What Are Containers and Why You Should Consider Using Them

rsz bigstock 173232536 What Are Containers and Why You Should Consider Using Them

In the world of technology and integration, a new deployment option is taking the industry by storm: containers. To think about how containers work for software, we have to think about physical shipping containers first. Containers are crucial to the shipping industry because their standard sizes are what keeps the industry running efficiently and streamlined. Before the use of shipping containers, shipping anything worldwide was a laborious pain. Standard sizes have made the process a lot easier.

The same idea is true with software containers. A container is an OS-level virtualization method for deploying and running applications without launching an entire VM for each application. Another way to think about containers is an isolated system that runs on a single control host. Code and its dependencies are packed into a container and can run anywhere. Because they are small, you can pack a lot of containers onto a single computer.

According to Gartner, by 2018, more than 50 percent of new workloads will be deployed using containers in at least one stage of the application lifecycle. Today, only about 22 percent of workloads use containers while 31 percent are evaluating switching to containers. Of the 31 percent, 64 percent are hoping to implement them within the next year.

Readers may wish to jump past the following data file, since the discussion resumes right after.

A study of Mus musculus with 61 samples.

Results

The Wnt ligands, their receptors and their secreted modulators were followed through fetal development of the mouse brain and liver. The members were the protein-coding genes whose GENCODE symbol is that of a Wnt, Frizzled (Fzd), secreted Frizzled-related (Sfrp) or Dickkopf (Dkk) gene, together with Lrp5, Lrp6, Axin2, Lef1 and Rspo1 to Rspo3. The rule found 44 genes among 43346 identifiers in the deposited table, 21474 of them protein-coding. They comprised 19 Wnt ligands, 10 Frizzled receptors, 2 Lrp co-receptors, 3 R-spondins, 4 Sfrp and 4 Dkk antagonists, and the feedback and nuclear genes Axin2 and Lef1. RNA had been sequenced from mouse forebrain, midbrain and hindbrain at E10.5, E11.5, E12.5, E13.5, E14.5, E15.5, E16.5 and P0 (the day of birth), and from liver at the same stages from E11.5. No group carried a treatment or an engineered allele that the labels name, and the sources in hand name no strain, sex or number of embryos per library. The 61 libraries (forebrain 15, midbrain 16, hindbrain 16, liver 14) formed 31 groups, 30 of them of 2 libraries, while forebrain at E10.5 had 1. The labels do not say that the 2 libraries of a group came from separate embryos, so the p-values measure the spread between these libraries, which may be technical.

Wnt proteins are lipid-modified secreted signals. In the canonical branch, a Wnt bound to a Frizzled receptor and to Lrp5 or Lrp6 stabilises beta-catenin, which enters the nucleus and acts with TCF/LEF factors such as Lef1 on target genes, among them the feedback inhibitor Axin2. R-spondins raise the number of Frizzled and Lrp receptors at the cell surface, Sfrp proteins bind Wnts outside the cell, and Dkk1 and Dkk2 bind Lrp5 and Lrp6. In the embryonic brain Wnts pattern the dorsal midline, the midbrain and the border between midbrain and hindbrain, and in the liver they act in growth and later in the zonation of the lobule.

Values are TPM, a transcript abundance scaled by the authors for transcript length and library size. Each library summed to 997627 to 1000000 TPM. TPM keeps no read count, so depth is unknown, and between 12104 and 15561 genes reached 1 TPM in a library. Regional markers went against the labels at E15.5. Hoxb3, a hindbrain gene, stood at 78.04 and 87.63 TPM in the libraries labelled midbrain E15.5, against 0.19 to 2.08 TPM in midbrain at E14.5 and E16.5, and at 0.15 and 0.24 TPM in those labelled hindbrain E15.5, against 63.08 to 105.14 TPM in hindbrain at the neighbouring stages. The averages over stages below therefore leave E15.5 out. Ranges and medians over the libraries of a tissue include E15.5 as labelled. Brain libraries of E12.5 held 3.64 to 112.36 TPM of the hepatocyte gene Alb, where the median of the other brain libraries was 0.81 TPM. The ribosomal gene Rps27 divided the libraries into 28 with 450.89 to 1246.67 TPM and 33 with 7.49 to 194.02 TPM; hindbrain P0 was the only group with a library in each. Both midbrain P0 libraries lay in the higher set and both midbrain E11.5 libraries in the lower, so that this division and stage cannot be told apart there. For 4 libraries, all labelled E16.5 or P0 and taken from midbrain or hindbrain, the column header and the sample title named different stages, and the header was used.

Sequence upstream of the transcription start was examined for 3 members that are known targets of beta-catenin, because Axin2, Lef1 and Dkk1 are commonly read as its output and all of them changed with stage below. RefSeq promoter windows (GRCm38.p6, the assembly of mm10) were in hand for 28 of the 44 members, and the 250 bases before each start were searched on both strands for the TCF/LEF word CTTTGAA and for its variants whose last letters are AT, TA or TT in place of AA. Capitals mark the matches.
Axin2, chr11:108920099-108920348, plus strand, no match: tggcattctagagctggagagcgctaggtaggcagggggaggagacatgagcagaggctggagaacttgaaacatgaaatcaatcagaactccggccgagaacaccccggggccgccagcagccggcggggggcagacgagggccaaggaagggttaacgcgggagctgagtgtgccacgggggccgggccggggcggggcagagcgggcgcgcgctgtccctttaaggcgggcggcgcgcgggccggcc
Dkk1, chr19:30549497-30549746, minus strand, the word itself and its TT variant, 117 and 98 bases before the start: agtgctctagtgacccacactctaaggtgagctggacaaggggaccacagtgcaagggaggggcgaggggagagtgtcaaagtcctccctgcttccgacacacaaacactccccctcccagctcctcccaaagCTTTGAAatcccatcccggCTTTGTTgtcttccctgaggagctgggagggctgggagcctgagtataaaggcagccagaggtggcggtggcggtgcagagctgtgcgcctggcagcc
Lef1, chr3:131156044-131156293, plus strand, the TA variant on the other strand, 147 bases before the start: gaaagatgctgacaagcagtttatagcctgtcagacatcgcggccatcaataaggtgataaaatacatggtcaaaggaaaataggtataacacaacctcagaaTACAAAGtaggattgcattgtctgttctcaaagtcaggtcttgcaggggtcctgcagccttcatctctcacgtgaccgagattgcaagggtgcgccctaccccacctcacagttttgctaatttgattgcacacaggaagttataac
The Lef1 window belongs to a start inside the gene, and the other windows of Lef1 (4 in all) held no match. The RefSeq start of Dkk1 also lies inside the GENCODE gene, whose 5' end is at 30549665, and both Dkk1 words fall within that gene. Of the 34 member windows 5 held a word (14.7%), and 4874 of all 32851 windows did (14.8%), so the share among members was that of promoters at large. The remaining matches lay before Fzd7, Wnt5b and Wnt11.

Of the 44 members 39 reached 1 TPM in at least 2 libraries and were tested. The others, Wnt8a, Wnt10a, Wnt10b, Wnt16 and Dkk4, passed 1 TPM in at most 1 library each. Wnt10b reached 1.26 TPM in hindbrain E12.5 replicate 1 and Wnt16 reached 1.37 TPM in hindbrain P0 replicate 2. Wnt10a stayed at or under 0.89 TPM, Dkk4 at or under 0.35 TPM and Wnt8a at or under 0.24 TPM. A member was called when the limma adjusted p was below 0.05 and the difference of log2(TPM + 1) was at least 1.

Pros and cons of containers

Containers have four major advantages:

  • Faster deployment
  • Less overhead
  • Easier migration
  • Faster restart

These advantageous attributes are what made cloud applications possible. Containers also enable development and editing of microservices, so instead of making major changes to how the applications interact, containers can work independently of each other. This allows for faster and error-free software development.

One of the major disadvantages to containers is lack of isolation from the host OS. Because of this, security threats have easier access to the entire system. Another major disadvantage is each container must use the same OS as the base OS, whereas on a VM, unique OSs’ can be run.

The future of containers

It’s interesting to note that containers are being implemented by new companies with newer software, whereas older and bigger companies are still utilizing VMs. If a company did want to move away from using VMs, they could transfer those applications to a cloud-based service.

Containers can help your business quickly adapt to changes in the marketplace, both application-based and in your own infrastructure. Containers can help you to simplify integration of backend APIs and systems, embracing native features of your container management platforms to speed up your time to market.

With containers, you get to enjoy the flexibility to  move between cloud environments without rewriting your applications. For more information on containers and how to utilize them for your business, check out BusinessWorks Container Edition.